Los Angeles

Photo by Dylan+Jeni, courtesy of Bacetti

Dish By DishLos Angeles

Five Dishes That Show Off Bacetti’s Unique Cal-Roman Soul


Mid-pandemic shutdown, Stovall, previously of Orsa & Winston, considered stepping away from the restaurant industry entirely. But upon walking into the space and meeting owners Jason Goldman and Christian Stayner, he knew he was in the right place. (A research trip to Italy helped seal the deal.)

“After I went to Rome, one of my biggest takeaways was feeling excited to live in L.A., with all of its cultural diversity,” Stovall says. The food at Bacetti, unlike some of its peers, is not purely Roman, which is part of what makes it so exciting to eat, as the menu draws influence from local California produce and the breadth of cuisines across the city. “Part of the fun is in continually experimenting,” Stovall says.

With a wide-ranging menu that encompasses pizzas, pastas, mains, and much more, some guidance is helpful when considering how to approach a meal at Bacetti. We spoke to Stovall and owner Jason Goldman to highlight the restaurant’s five essential dishes.

Photo by Katrina Frederick, courtesy of Bacetti
Photo by Katrina Frederick, courtesy of Bacetti

1. Focaccia Ebraica

“Our play on focaccia with a bit of Roman-Jewish influence,” is how chef Stovall describes one of the restaurant’s signature dishes. His visit to the famed L’Antico Forno Boccione in Rome’s Jewish quarter for the Pizza Ebraica inspired what would ultimately become Bacetti’s extra-flaky focaccia. The finished product is round, served in a cocotte, and studded with taggiasca olives, currants, and rosemary, then dusted with sea salt. Consider it less of a pizza and more of a dense, sweet bread laced with fruits and nuts. 

As for the unique round shape: “I wanted to figure out a way to incorporate the fillings throughout instead of just having them studded on top, to make every bite equally delicious,” Stovall explains. “I was actually baking a lot of experimental cinnamon rolls at home during the pandemic for friends and neighbors, so the idea of rolling it out in that style just clicked. From there, I figured if they all were baked separately in their own round pans, they’d have a better rise and the portioning would be more precise,” he said. Chances are high you’ll see at least one on every table. 

Photo courtesy of Bacetti
Photo courtesy of Bacetti

2. Zucca 

This dish, like so many others at Bacetti, has the “wow” factor of something far more complicated. The star is tender, roasted kabocha squash, served with crème fraîche, pomegranate arils, crunchy hazelnuts, and saba (an Italian concentrated grape condiment). ”It’s the essence of fall, made with my favorite kind of squash,” says Stovall. “The orange kabocha is very silky, and when you bake it it gets fork-tender. You can also eat the skin,” he says. The mixture of savory squash, rich creme fraiche, and the subtle hit of acid from the pomegranate and saba complement each other beautifully.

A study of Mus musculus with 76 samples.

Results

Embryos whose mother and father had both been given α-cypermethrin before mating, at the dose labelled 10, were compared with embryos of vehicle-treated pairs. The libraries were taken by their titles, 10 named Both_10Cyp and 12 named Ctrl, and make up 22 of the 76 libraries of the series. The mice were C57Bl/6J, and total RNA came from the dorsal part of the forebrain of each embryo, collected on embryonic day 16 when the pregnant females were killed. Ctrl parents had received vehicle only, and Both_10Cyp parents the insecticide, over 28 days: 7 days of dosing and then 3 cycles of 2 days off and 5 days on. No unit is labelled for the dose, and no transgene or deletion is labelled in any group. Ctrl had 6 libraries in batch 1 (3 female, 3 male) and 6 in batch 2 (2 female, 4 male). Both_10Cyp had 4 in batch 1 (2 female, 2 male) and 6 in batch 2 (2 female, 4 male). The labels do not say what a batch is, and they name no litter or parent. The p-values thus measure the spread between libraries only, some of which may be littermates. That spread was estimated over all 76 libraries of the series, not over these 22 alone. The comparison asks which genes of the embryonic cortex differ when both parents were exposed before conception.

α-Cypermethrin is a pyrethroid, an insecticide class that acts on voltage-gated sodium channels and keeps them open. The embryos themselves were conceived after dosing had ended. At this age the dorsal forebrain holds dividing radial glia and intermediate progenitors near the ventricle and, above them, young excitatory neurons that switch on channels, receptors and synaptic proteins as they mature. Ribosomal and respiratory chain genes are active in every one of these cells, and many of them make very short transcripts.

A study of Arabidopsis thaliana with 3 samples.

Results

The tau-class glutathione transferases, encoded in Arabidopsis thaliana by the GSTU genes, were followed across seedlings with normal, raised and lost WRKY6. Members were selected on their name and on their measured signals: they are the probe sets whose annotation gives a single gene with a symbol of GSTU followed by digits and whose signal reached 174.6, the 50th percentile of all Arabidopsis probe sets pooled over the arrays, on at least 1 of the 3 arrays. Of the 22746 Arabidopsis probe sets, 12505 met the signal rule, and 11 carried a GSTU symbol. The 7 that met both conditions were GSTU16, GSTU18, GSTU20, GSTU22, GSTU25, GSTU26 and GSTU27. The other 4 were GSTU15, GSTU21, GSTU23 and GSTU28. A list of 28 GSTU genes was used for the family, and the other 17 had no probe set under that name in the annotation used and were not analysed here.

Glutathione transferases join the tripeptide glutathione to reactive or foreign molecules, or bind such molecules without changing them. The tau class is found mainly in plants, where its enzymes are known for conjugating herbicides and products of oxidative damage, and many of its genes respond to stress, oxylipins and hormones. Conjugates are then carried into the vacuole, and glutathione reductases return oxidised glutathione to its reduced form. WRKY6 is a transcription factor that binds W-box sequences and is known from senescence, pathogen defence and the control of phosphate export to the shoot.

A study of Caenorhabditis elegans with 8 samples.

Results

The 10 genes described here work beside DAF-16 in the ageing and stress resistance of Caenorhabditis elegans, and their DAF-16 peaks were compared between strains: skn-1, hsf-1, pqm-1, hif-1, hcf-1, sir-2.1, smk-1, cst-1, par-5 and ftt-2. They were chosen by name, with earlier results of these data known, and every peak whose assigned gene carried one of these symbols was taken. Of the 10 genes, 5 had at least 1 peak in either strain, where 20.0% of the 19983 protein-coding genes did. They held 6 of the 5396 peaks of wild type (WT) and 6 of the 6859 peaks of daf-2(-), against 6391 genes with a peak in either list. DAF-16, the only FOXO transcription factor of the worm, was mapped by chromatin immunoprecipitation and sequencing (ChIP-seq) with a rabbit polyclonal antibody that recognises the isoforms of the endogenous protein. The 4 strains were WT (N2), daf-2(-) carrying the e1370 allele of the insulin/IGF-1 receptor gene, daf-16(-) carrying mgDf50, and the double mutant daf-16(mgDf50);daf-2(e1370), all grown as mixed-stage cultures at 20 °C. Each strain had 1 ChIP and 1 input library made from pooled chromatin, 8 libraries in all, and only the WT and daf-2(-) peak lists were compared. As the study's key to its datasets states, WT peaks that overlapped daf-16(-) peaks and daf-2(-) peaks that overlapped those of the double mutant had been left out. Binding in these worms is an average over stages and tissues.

Photo courtesy of Bacetti
Photo courtesy of Bacetti

3. Capricciosa Pizza

Stovall’s take on the classic Italian pie, which traditionally combines mushrooms, artichokes, baked ham, and tomato, also draws inspiration from Rome’s Jewish quarter. Here, Fra’mani soppressata ham and olives are held in place on the chewy, Neapolitan-style pie with a whole-roasted artichoke, inspired by the classic deep-fried carciofi alla giudia from Rome.

“We import Tuleda white artichokes from Spain for this — they’re the best ones I’ve tried, and consistently good year-round,” says Stovall. Hot days and cool nights on the Mediterranean coast lend the ideal climate for these chokes to grow juicier and sweeter than many other varieties.

Photo courtesy of Bacetti
Photo courtesy of Bacetti

4. Campanelle

Combining a housemade trumpet-shaped pasta with portobello, oyster, and shimeji mushrooms, plus thyme and ricotta salata, this dish, like so many others at Bacetti, has a careful balance of flavors and a playful backstory. “I love mushrooms and a good mushroom pasta,” says Stovall. “The pasta shape itself reminds me of wild foraged mushrooms, so I thought it would look nice all jumbled up together with actual mushrooms,” he says. The secret in the sauce is a dash of porcini powder and a hint of sherry vinegar to provide an extra hit of umami and acid, which accentuates the savory roasted flavors.

Photo by Katrina Frederick, courtesy of Bacetti
Photo by Katrina Frederick, courtesy of Bacetti

5. Cotoletta

The Roman version of this dish traditionally gives the schnitzel treatment to veal chops (akin to veal Milanese). But here they use lamb chops, breaded and pan-fried with rosemary, wilted greens, and a brown butter sauce. “We wanted to do something a little different with New Zealand lamb,” says Stovall. “I do feel like there’s a negative connotation around eating veal, and understandably so, so I decided to test other cuts. I also tried pork cutlets and chops, but side by side, even next to the traditional veal cutlet, the lamb racks were the absolute winner. They’re just so tender. On top of that, it makes for a much more shareable dish — you can pick up the individual chops by the bone, like a savory lollipop. I think it’s the perfect entree.”

 

Kelly Dobkin is an L.A.-based writer/editor and former New Yorker. She has contributed to Bon Appetit, Grub Street, Michelin, Here Magazine, and is a former editor at Thrillist, Zagat, and Eater. Follow her on Instagram and Twitter. Follow Resy, too.